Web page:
Distorted thinking patterns are common and that’s normal. Hands up if you sometimes speak to yourself. People who never speak to themselves are either not telling the truth or doing something wrong. We all have our self-talks and that’s fine. However, if these distorted thinking patterns are left unchecked, they can lead us down a spiral straight to anxiety and depression, and even self-harm.
What is distorted thinking?
Psychologists refer to it as a cognitive distortion. It is having an unhealthy misrepresented pattern of thinking built on an irrational belief system. Some refer to it as stinking thinking. The thought pattern involved is exaggerated and irrational and often may be first noted at the onset of depression and anxiety.
Common Examples of distorted thinking.
- Over-generalizing – when you view a negative event as a never-ending defeat. This usually involves words such as ‘never’, ‘always’, ‘nobody’ e.g When your friends go out without you – you think Nobody ever wants to spend time with me
- Ignoring the good – this is common when we focus on minor negative things instead of acknowledging all the positive ones just as well e.g After scoring a 98% grade you focus and crucify yourself for missing 2 questions and ignore the 98 ones you got correct. Or after a great date or presentation, you ruminate over one silly thing you said. Success is a relative remember. Frame the thoughts into a more balanced assessment of the situation e.g “Yes, you said a silly thing but the majority of what you said was great and you received good feedback.
- Mental filter – when you dwell on negatives and ignore the positives. Think of it as spinning your wheels in the mud. Some refer to it as ‘Ruminating’ e.g Beating yourself up over the loss of a toxic relationship, totally failing to see that you are better off without your ex-partner.
- All or nothing thinking – when you look at everything in all one way or the other way e.g All people are bad, or all people are good or Life is all bad or life is all good or I’m really clever, or I’m really stupid. Endeavor to stop binary thinking. Things aren’t often either this or that. Are some people untrustworthy? Yes of course they are! Do some people hate you? Probably Yes. But does that mean all people dislike you? No, it does not.
- Magnifying shortcomings and minimizing strengths e.g I tried to support my friend when he was feeling low, but I doubt I helped him. Try not to minimize your strengths, also learn to accept compliments.
- Automatic discounting – e.g writing an excellent essay or blog but then you keep telling yourself “It was easy anyone could have done it”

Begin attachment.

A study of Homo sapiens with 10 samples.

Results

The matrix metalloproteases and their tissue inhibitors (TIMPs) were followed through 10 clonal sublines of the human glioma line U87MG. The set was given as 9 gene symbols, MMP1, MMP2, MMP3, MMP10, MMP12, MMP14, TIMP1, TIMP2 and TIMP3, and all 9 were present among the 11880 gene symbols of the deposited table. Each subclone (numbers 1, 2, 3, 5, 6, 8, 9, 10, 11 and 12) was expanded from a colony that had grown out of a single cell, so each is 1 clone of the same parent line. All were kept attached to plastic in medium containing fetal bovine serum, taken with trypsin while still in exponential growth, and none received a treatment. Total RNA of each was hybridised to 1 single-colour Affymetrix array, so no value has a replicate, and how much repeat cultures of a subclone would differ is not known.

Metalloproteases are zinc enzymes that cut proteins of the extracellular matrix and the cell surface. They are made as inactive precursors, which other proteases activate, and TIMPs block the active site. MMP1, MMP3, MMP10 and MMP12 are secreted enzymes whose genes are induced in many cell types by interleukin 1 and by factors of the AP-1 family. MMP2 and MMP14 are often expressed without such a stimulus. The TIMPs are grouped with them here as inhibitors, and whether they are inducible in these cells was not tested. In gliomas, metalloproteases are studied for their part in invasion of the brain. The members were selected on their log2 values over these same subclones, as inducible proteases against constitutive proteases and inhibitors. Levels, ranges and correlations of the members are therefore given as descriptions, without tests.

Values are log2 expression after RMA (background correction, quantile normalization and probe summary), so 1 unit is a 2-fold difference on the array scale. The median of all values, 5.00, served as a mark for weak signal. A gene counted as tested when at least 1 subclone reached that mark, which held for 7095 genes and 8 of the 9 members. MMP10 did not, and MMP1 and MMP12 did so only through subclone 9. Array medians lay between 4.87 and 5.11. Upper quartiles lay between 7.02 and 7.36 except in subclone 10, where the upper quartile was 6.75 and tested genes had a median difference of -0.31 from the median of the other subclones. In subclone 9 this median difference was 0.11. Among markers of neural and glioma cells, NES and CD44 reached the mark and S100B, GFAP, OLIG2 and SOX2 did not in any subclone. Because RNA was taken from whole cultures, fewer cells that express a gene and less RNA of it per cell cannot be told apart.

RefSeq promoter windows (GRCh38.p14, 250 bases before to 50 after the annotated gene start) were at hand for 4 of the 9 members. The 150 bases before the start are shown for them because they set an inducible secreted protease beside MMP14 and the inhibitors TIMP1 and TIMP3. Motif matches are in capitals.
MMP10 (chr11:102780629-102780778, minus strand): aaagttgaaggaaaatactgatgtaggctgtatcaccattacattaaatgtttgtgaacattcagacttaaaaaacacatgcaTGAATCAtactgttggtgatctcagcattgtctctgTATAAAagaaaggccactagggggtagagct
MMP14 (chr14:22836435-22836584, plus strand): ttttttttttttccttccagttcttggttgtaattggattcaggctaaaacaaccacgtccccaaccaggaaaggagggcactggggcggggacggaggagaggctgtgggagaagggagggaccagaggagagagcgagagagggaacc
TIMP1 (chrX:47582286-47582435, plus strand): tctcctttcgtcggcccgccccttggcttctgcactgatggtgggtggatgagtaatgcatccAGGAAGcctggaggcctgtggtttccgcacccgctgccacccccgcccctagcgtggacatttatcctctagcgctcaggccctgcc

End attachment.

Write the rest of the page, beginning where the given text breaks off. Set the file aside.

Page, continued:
- Should statements – Using words like “should, must, ought to” e.g I should understand this article straightaway after reading it, I must not show that am angry, I ought not to be angry.By saying this you are imposing a harsh set of expectations that are unlikely to be met.
- Magical thinking – believing that our thoughts or sometimes actions can influence events that are beyond our control somehow e.g if I make more money this depression will end, I will be more respected if I go to the gym, I will meet my future partner. Anxiety often springs from a desire to control that which we cannot. Be smart enough to know which is which.
- Emotional reasoning – eg I feel very anxious or nervous about my exams, I must be incompetent. We often mistake feelings for facts and allow them to dictate reality Remember feelings are often unreliable.
- Labeling – an extreme form of generalization e.g Fail an exam and then think you are stupid. I’m feeling emotional since leaving home, I’m weak. This usually happens when we make a value judgment based on one bad experience. Remember often in life that what you perceive as a failure is actually an opportunity to learn and grow. Experience is the best teacher.
It might be useful when considering a specific situation to also try these to challenge distorted thinking.
- Write down your negative thoughts then find counter examples. If you think you are always being criticized by others – list the times people have paid you compliments, this will help you clarify your meaning.
- If you think you are weak, ask yourself what you mean – is it fair to label yourself just because of one aspect of your behavior?
- Befriend yourself. Develop a caring internal voice that challenges the internal critical voice.
- Ask yourself – What would you be saying to your best friend in the same situation? Chances are that you wouldn’t be harsh on them like you would to yourself.
- Change how you see things – if you tend to see things in absolute terms try seeing them in stages. For example, instead of thinking ‘you are a failure’ think ‘this is a setback’ when you haven’t done as well as hoped.
- Instead of over-generalizing – look for exceptions to the generalization. For example, instead of saying ‘” I must always be on time, tell yourself I have a strong preference for arriving on time”
What you are and what you believe are often different things. Although it may feel that way, remember that feelings are not factual. Facts don’t change, but feelings can and do.
If the distorted thought patterns persist speak to a CBT therapist. They will help you make connections between your thoughts and behaviors. To understand more about CBT and other therapies read this Blog.